Painting tiles doesn’t have to be as tedious as it sounds. With Mica’s Easy Tips you’ll have a transformed room in no time at all!
Before working on the actual tiles, pay a visit to your local tile retailer and buy a few tiles as close as possible in feel and texture to those you will be painting, and experiment on them first. You might even be able to pick up a few broken tiles for nothing and practice on those.
- First of all, the tiles must be absolutely clean – no dirt, mildew, fat residue, soap residue etc. So use a good household cleaner and a scouring sponge to get that sorted. After cleaning the tiles, give them a final wipe-down to ensure the surfaces (including the grouting between the tiles) are clean.
- Apply an interior masonry filler where necessary to fill any cracks in the tiles, chips etc. and allow the filler time to cure completely.
- Gloss ceramic tiles should be sanded very lightly and evenly with fine grit sandpaper – 180-220 – such as aluminium oxide or silicon carbide to remove the gloss and ‘key’ the surface. (Paint will adhere better to a slightly roughened surface than it will to a gloss one.)
- Back to cleaning… give the entire surface (not forgetting the grouting) a good wipe down to remove any debris from your sanding operation.
- Now to prime the surface: apply a tile primer. An epoxy or urethane bonding primer provides an ideal surface for the paint to adhere to. An epoxy formula usually is the best option because it offers the most durability, and you can top it with any type of paint.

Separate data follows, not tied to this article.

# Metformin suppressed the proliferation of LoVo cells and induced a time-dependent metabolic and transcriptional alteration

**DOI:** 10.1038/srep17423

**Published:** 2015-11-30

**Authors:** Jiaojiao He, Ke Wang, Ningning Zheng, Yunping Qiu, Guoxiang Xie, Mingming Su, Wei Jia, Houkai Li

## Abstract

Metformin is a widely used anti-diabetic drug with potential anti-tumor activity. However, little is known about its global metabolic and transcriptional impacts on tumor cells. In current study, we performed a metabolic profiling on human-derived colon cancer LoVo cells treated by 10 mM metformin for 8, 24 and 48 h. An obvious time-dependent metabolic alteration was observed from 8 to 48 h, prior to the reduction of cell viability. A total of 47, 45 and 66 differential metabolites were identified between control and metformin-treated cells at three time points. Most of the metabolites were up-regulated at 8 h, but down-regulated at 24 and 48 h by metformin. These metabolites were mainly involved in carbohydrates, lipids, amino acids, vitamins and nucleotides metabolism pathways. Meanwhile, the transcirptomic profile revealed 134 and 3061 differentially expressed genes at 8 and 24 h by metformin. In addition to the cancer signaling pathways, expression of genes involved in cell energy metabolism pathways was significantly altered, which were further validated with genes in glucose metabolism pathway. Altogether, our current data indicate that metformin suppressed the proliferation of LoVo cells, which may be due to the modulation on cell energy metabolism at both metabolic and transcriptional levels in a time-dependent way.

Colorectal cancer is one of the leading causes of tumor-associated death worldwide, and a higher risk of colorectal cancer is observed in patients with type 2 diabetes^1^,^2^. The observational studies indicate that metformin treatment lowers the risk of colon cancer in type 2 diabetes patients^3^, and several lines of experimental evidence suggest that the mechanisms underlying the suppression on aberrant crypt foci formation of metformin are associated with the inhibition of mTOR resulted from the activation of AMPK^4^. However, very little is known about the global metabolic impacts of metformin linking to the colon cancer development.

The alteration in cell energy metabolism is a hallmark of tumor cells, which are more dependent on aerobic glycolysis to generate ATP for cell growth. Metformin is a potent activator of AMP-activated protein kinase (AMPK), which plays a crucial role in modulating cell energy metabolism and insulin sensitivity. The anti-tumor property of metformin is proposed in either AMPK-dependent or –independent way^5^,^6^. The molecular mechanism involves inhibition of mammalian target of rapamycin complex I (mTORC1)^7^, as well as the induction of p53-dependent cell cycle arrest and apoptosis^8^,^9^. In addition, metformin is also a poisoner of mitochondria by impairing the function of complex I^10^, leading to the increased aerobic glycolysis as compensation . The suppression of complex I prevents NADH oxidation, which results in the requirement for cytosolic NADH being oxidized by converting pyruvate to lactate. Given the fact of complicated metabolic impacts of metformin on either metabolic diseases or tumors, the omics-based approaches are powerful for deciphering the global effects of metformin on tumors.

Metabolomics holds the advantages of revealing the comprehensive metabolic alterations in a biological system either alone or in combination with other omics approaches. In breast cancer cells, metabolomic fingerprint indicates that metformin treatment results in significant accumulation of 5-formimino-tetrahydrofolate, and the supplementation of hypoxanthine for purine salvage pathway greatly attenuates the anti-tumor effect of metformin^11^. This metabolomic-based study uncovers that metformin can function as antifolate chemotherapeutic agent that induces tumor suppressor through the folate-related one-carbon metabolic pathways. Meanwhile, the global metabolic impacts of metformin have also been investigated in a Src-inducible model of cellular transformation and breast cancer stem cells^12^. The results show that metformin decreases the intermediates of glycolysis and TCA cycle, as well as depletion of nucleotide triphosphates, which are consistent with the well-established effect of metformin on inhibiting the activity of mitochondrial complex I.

- When it comes to the paint itself, opt for a high-gloss or semi-gloss formula. You can use a latex, oil or epoxy paint. Latex usually dries quickly, but it has a softer finish that can tear off if the surface is scratched. Oil-based paint takes longer to dry and is harder to clean up, but its finish usually is more durable. If you’re painting the ceramic tile around your kitchen sink or on the floor, opt for epoxy paint, which generally is the most durable.
- When it comes to applying the paint, slow and careful is the way to go. Applying a thick, heavy coat of paint in an effort to finish faster is not ideal as the thicker the layers the more likely the paint is to peel or tear off. Rather apply a number of thin coats, ensuring that you give each coat ample time to dry properly before applying the next. If applying gloss, a very light sanding between coats using a fine grit paper (220 or higher), other than the final one, will ensure each coat adheres properly.
- When you’re happy with the result, as an option you can allow the paint to dry for two to three days and then apply a clear top coat to help protect the painted tiles from moisture, scratches and other surface damage.